The Victorian Energy Efficiency Target (VEET) is a government initiative designed to make energy efficiency activities more affordable to the public and industry.

The scheme encourages innovation in product development and services, creating jobs in the sector whilst reducing our overall greenhouse gas emissions.

A Victorian Energy Efficiency Certificate (VEEC) represents one tonne of carbon dioxide equivalent (CO2-e) abated, meaning one tonne of “avoided use” created under one of the scheme’s prescribed activities. By saving energy, you can create VEECs which have a value in the Australian environmental market, where there are creators of credits and liable parties who buy these credits. VEECs are currently trading between $17 to $19, making these activities more and more attractive. Through the implementation of an activity, you get an income stream for saving energy in the overall sense whilst reducing your power and gas bills in the longer term.

Some of the current industrial “energy” prescribed activities include:

  • Commercial hot water – replacement of electric storage hot water with a more efficient system
  • Commercial lighting upgrades – installing more efficient lighting equipment in offices, factories, hospitals, nursing homes and other large premises
  • Motor replacements – replacing motors with high efficiency motors
  • Refrigerated Display Cabinets – replacing refrigerated display cabinets with high efficiency units
  • Refrigeration fans – replacing refrigeration fans and motors with a high efficiency fan and motor

Some of the current industrial “water” prescribed activities include:

  • Low flow trigger nozzles – decommissioning and inefficient trigger nozzle and installing an efficient one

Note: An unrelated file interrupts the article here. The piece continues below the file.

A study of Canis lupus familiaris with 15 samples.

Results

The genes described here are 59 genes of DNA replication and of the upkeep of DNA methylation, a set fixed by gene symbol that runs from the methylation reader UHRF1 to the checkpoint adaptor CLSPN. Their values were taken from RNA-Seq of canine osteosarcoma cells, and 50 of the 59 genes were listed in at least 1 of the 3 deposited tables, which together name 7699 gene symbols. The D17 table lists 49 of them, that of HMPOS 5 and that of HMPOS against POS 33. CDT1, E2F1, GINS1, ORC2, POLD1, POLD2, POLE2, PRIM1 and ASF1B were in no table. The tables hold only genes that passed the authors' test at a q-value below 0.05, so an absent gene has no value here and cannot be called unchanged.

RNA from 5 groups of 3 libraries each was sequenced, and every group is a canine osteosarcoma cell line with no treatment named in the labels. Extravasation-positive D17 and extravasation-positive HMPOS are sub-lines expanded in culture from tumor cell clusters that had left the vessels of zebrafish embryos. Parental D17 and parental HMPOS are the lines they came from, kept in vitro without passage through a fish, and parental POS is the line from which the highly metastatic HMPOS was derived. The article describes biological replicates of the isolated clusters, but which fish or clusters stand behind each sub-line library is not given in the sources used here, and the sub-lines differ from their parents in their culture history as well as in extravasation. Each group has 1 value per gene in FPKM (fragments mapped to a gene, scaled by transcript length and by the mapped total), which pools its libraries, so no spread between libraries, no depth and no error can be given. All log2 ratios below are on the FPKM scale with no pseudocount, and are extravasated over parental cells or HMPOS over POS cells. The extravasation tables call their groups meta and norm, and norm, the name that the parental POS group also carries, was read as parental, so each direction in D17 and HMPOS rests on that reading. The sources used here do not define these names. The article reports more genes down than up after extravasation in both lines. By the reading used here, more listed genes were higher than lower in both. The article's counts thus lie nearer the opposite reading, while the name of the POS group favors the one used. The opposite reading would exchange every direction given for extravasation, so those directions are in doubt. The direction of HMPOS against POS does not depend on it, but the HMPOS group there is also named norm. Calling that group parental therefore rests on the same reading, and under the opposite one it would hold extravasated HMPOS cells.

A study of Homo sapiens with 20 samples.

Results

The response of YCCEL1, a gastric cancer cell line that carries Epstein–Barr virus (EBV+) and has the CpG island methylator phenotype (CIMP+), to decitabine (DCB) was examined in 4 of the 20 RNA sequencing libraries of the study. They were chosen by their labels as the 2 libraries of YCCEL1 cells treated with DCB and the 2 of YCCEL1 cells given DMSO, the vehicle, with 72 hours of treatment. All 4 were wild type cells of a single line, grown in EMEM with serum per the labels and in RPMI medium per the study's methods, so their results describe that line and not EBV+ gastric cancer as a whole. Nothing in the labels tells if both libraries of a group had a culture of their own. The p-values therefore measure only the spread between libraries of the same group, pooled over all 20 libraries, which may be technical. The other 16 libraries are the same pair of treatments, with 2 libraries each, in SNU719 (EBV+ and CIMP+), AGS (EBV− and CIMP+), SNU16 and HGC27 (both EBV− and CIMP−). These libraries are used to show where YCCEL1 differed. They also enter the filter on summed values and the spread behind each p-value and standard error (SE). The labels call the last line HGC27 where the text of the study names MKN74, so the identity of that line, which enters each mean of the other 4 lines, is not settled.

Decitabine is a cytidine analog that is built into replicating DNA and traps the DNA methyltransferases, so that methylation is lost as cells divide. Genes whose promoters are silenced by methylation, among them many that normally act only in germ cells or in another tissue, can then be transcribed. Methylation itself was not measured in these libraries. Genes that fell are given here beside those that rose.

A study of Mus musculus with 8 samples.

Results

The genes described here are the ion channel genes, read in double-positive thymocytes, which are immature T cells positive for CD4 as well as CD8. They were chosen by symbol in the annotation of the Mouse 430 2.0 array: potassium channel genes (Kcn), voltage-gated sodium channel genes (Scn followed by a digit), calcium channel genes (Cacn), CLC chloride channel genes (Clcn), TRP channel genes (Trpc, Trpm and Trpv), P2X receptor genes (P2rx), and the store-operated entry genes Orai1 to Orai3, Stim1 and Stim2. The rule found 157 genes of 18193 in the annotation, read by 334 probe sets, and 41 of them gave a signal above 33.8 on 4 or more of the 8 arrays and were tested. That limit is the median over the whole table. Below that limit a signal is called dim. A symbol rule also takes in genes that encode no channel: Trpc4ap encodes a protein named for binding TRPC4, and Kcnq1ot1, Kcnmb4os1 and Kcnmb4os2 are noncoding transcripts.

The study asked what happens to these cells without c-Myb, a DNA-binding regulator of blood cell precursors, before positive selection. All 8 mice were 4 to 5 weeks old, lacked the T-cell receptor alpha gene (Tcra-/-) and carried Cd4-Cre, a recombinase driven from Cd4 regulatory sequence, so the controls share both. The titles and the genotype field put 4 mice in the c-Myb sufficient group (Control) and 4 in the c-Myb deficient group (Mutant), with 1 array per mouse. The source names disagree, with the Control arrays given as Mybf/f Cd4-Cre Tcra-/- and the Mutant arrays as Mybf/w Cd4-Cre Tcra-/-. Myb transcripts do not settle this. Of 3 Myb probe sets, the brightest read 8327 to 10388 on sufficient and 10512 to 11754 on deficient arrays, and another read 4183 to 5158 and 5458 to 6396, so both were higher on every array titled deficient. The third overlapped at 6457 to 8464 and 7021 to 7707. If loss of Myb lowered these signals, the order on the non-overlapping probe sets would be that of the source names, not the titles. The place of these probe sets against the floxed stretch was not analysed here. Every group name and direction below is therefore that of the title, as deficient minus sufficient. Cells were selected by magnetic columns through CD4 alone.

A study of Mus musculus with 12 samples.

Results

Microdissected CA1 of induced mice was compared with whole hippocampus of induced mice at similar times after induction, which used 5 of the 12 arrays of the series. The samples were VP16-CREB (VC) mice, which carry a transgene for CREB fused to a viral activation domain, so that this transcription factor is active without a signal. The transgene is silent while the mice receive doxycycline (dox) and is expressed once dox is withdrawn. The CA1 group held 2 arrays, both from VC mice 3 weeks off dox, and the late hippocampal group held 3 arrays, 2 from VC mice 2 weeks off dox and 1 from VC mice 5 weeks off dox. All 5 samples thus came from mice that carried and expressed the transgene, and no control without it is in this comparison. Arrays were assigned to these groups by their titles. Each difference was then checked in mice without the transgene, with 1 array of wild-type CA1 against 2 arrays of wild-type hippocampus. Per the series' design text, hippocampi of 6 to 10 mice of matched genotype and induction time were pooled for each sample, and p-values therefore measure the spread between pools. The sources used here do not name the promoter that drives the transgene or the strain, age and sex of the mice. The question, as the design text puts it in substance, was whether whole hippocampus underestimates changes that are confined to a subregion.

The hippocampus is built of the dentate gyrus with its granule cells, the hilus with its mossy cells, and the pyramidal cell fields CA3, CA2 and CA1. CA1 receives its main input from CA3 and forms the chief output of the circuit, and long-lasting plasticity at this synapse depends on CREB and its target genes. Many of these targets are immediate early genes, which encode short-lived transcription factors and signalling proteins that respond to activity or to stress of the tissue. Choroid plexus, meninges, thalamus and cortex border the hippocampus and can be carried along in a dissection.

• Pre-rinse spray valve – decommissioning and replacing an inefficient one with a more efficient one

At first glance some of these activities may appear complex, when in fact these are very simple measures that the industrial sector can use to maximise their future savings of electricity, gas and water.

Unlike the ASX, there is no formal trading floor for the VEEC market. There are, however, natural buyers and sellers in this market and most transactions are done through the use of brokers or third parties. With this current annual target set at 5.4 million tonnes of abatement at an average value of $14, the size of this state based market mechanism of just the tradeable certificates alone is in the order of $80 million for 2015. This number does not include the value of the products sold and installed or the value to the community of the people employed.

In December, the new Andrews Labor Government announced they would retain the VEEC scheme saving some 2,000 Victorian jobs. The government intends to hold a review in the first half of 2015 with the intention of strengthening the VEET scheme further. More recently Lily D’Ambrosio, the Minister for Energy and Resources, hosted a round table of stakeholders in the energy industry to discuss the Government’s plans for energy efficiency and future productivity gains.

“Energy efficiency policies that are fair, effective and efficient are an essential part of our energy vision for Victoria and will benefit the environment, boost productivity and create much-needed jobs,” D’Ambrosio said.

As has happened in the past, the state governments quite often have to take the initiative, leading by example in the absence of federal government action on greenhouse gas abatement, climate change and adaptation.